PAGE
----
Near-term regional climate: the range of possibilities

What are the possible regional temperature trends over the coming few decades? Globally, on average, there is expected to be a long-term warming, but this is not necessarily true for any particular location or period. What are the probabilities of a local warming or cooling?

The temperature over the next few decades depends on any forced response to greenhouse gases etc, but also on the particular chaotic variability experienced. To quantify the range of possibilities Deser et al. ran a large ensemble of GCM simulations for the next 50 years, with only small changes to the atmospheric initial conditions. The range of outcomes for North America and Europe was perhaps surprisingly large, with most locations having the possibility of little warming (and sometimes cooling) and also very rapid warming.

Similar simulations have now been done with the FAMOUS GCM, using a 1%/year increase in CO2 concentrations for the next 90 years. Two parallel ensembles have been performed: MICRO — 96 ensemble members with only a tiny random initial perturbation to a single grid point, and MACRO — 30 ensemble members with varying ocean & atmospheric initial conditions. As an example of what can be done with such simulations, there is a global cooling trend of 24 years in one of these ensemble members.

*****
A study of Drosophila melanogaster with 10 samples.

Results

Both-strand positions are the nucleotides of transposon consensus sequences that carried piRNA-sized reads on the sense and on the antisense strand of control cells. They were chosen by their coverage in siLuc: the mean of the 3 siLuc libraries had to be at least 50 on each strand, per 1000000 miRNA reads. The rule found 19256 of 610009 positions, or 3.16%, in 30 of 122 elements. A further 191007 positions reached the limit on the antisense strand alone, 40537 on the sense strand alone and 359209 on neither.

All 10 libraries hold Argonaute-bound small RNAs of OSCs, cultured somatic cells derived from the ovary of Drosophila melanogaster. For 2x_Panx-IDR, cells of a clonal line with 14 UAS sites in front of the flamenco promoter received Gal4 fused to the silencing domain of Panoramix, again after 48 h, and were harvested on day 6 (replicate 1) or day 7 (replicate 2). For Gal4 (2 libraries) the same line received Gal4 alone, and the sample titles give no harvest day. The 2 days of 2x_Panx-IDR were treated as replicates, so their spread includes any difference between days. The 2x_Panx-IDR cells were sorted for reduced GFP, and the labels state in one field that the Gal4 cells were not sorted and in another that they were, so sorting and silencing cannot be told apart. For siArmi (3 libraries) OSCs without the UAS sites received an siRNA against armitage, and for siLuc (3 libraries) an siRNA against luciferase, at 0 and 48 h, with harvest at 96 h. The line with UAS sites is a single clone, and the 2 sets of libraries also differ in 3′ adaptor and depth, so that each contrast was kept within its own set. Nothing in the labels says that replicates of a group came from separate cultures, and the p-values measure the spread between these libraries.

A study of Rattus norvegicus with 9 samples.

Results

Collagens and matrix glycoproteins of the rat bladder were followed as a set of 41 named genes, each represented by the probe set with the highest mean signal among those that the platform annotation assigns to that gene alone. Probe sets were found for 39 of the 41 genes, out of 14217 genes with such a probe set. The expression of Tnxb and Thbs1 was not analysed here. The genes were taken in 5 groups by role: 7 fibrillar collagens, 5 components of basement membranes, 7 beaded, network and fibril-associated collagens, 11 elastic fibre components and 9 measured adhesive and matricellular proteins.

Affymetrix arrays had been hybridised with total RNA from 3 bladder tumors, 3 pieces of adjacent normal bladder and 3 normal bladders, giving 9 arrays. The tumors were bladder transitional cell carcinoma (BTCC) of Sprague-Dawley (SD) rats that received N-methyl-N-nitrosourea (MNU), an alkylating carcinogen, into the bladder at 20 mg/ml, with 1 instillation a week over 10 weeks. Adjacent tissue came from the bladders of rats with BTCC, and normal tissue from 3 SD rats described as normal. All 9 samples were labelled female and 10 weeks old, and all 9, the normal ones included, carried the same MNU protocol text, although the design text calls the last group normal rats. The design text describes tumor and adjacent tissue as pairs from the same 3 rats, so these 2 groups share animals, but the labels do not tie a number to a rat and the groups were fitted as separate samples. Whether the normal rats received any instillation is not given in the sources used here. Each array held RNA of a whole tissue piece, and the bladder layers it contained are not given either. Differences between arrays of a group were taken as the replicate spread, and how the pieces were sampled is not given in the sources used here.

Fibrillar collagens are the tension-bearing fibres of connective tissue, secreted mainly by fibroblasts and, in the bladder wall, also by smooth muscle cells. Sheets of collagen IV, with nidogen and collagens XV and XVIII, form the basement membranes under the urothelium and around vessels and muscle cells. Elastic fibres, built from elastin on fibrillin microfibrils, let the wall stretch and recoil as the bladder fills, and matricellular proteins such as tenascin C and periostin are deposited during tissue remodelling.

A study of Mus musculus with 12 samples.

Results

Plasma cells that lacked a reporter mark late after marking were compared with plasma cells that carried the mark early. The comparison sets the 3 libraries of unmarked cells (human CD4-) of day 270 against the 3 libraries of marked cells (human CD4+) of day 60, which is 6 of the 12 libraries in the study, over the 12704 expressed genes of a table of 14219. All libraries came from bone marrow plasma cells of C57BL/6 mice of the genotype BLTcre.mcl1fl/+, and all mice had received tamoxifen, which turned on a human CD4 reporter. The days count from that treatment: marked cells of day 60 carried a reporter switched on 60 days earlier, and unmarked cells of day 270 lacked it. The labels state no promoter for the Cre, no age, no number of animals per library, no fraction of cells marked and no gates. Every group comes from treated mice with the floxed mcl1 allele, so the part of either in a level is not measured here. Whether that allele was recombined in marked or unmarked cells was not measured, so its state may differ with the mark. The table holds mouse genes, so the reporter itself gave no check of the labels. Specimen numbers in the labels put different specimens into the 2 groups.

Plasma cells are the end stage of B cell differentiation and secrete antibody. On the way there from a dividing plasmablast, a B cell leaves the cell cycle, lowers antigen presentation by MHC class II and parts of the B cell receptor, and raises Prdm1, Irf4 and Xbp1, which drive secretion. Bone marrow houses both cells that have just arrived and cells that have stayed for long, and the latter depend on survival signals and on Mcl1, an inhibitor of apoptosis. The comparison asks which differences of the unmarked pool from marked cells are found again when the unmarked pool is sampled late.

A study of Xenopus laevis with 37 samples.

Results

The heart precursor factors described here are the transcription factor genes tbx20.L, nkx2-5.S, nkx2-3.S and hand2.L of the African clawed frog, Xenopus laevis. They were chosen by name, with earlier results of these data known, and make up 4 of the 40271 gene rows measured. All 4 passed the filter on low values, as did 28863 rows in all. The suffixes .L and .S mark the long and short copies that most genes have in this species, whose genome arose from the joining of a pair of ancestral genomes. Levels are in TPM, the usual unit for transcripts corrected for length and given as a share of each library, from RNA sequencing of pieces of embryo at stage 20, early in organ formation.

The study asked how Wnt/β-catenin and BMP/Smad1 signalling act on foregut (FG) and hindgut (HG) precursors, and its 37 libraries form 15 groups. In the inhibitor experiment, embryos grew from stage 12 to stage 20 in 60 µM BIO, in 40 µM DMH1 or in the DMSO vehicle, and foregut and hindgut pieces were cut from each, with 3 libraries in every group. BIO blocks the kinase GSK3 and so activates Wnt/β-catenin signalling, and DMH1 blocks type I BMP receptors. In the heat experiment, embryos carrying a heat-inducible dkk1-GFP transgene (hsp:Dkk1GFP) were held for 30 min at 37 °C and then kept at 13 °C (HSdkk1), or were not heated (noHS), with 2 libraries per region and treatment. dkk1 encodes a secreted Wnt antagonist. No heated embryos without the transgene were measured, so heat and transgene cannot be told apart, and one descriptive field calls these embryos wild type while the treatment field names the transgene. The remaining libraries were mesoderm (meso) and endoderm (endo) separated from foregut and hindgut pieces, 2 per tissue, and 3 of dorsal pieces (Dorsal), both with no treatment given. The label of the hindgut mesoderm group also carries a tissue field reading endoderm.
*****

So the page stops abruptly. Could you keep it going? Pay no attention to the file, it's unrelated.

The regional results can be explored in the applet linked to below, for different seasons, regions and trend lengths (N). The maps show mean trends for the first N years for the two ensembles (top row), and also the extreme possibilities for each grid point separately (middle and bottom rows). The right column shows the regional average properties using time-series (with red & blue lines showing the maximum & minimum trends) and histograms. To be clear – the only difference between the individual ensemble members is the initial conditions.


[Note that the variability in FAMOUS is probably too large, so the ranges are likely to be too broad if considering what this means for the real world.]

About Ed Hawkins

Ed Hawkins is a climate scientist in the National Centre for Atmospheric Science at the University of Reading. He was a Contributing Author for the IPCC 5th Assessment Report and can often be found on twitter: @ed_hawkins.